The problem with anti-social media



Hey there, time traveller!
This article was published 23/03/2016 (2330 days ago), so information in it may no longer be current.

Winnipeg city council is to debate a motion about composting today. The real problem is not what to do with our waste, but our approach to decision-making.

What drives the system these days seems to be the amount of electronic chatter — much of it from the usual suspects — on both sides of any issue. Councillors seem more attuned to their Twitter than to their better judgment, twisting in the electronic wind to catch the direction of the prevailing public opinion.

It becomes a crude form of advocacy, lighting up the phone tree or triggering the email avalanche to get your way — a chorus of the cranky, all mobilized to tilt the balance in the direction your group thinks everyone should go.

Because no one is really steering the ship, it becomes a competition to see who can grab the wheel and turn it in their favourite direction whenever a decision needs to be made.

The louder the voice, the stronger the opinion and the more likely it will be heard. It turns political decision-making into a referendum of the rudest — who will make the most trouble if they lose? — and not an exercise in wisdom or sober judgment on the part of our elected officials.

As a result, there has been no vision for the sustainable development of the city, nor any overall plan for the future that survives contact with the evidence. Whatever urban planning has been done is often disregarded in practice — perhaps because the electronic wind of criticism has blown in a few cranky tweets or emails.

There are many groups concerned about a collective vision for a sustainable future, but somehow their efforts are only rarely reflected in the decisions that city council makes — and then, only because they, too, have lit up the phone tree. The Winnipeg Chamber of Commerce has launched its Manitoba Bold initiative to at least highlight the issues and communicate what some Manitobans think should be part of such plans, but it remains to be seen whether any of our leaders — local or provincial — will listen.

In a climate-changing world, what are our local strategies for adaptation? For resilience? For sustainability? Does anyone in charge even know what these words mean, in practical terms? Any community economic development plan these days — if we had one —that does not embed these things in the centre is doomed to fail.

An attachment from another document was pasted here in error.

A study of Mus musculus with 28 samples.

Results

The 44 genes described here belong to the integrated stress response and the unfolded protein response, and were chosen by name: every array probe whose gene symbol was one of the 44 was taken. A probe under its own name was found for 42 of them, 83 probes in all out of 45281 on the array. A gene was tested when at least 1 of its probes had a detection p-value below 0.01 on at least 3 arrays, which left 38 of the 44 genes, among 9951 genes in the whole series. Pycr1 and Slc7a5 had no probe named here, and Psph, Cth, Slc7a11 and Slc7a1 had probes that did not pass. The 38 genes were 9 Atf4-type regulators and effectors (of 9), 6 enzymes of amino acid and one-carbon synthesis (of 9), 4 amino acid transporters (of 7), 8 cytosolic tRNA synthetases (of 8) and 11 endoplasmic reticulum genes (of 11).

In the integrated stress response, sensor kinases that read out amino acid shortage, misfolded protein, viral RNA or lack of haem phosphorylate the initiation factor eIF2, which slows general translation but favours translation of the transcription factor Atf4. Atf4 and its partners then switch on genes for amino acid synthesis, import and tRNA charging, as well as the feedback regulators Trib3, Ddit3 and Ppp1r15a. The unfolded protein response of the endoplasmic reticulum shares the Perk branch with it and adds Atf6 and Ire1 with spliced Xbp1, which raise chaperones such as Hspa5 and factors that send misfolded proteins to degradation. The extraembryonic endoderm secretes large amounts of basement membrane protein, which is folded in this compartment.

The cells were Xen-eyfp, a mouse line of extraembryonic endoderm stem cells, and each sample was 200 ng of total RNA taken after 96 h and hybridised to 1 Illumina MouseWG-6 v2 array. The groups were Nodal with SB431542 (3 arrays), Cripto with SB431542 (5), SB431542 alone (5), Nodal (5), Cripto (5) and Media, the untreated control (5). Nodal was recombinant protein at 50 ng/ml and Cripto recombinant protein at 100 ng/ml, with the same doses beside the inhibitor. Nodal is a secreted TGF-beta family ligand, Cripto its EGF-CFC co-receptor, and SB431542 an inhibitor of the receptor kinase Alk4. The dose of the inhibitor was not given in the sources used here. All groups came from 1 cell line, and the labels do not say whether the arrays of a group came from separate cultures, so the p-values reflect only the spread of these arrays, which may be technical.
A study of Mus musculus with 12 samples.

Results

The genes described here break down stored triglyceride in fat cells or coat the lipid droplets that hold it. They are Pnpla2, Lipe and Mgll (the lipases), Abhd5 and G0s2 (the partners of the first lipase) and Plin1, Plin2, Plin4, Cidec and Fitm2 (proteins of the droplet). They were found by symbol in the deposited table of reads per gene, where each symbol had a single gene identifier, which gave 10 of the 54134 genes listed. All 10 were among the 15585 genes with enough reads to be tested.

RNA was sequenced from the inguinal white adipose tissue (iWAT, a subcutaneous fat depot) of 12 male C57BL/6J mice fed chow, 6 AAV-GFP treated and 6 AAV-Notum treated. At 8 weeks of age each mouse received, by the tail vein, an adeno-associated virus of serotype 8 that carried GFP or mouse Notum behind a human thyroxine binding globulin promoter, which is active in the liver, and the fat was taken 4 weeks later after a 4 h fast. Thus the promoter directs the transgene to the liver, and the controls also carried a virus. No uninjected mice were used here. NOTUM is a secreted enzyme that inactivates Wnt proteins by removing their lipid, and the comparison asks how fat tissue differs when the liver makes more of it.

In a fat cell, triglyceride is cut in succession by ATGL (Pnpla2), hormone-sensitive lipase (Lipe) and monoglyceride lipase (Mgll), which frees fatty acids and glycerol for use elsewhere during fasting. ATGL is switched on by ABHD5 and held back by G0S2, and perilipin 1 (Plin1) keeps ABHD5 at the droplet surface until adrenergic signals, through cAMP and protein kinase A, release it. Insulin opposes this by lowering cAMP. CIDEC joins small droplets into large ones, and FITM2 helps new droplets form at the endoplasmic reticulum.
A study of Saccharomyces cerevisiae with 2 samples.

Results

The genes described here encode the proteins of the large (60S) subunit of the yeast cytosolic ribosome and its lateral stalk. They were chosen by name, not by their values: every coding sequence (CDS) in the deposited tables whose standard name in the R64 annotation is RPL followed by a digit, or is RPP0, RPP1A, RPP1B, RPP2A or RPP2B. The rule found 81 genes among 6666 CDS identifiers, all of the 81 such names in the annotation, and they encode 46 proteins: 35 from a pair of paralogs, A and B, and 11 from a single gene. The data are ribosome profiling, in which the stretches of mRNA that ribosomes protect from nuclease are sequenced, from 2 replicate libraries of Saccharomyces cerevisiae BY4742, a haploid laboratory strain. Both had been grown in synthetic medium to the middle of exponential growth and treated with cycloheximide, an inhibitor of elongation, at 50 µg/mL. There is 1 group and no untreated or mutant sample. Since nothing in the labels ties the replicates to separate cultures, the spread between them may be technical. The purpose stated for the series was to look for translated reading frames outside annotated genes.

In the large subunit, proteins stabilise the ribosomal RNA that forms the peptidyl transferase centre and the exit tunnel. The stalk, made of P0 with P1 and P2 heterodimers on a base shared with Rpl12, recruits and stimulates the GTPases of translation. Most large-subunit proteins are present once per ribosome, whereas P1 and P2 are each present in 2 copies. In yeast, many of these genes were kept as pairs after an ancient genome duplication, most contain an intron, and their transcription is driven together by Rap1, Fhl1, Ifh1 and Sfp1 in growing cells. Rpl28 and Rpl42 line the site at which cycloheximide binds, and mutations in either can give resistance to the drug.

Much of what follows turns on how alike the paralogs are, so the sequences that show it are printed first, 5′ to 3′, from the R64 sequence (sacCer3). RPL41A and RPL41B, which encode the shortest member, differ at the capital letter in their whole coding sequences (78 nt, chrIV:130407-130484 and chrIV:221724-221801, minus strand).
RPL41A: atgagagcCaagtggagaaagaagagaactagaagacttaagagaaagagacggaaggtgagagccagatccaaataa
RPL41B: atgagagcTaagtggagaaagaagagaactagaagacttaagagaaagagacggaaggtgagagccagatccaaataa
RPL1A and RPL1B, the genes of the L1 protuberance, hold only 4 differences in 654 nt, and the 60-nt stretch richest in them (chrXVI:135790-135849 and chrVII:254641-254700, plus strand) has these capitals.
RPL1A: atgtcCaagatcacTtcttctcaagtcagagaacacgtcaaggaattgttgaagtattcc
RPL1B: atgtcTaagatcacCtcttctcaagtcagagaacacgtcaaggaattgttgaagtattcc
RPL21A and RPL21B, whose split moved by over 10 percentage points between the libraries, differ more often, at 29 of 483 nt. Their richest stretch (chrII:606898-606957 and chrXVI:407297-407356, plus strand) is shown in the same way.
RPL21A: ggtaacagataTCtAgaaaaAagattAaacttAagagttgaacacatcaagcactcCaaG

The entire planet can agree on what needs to be done and how quickly (check out the 2030 development agenda approved by the United Nations last fall), but we are so far behind the global curve here in Winnipeg it is embarrassing — and frightening.

Instead, we dither — when we are not just making poor decisions based on what the mail said this week, or engaging in antics that are embarrassing to watch.

We debate whether we should have municipal composting instead of piling our garbage higher in a landfill running out of room.

We spend a fortune building underpasses and overpasses instead of developing an urban transportation plan that makes sense for everyone.

We fund rapid transit by increasing charges on the people who use it, instead of on the people who don’t and should.

Mayor Brian Bowman and city council, could you please see past our usual Winnipeg spring potholes and take the wise, bold and necessary steps to change things so our children don’t have to inherit the nightmare we are otherwise creating?

It’s why we elected you. It’s why we elect all our politicians. If you are twisting in the electronic wind and are unable to make good decisions for the benefit of all, please step aside and let someone else try.

We need politicians with the wisdom to consider the seventh generation instead of just twitching to the seventh tweet.

Peter Denton chairs the policy committee of the Green Action Centre.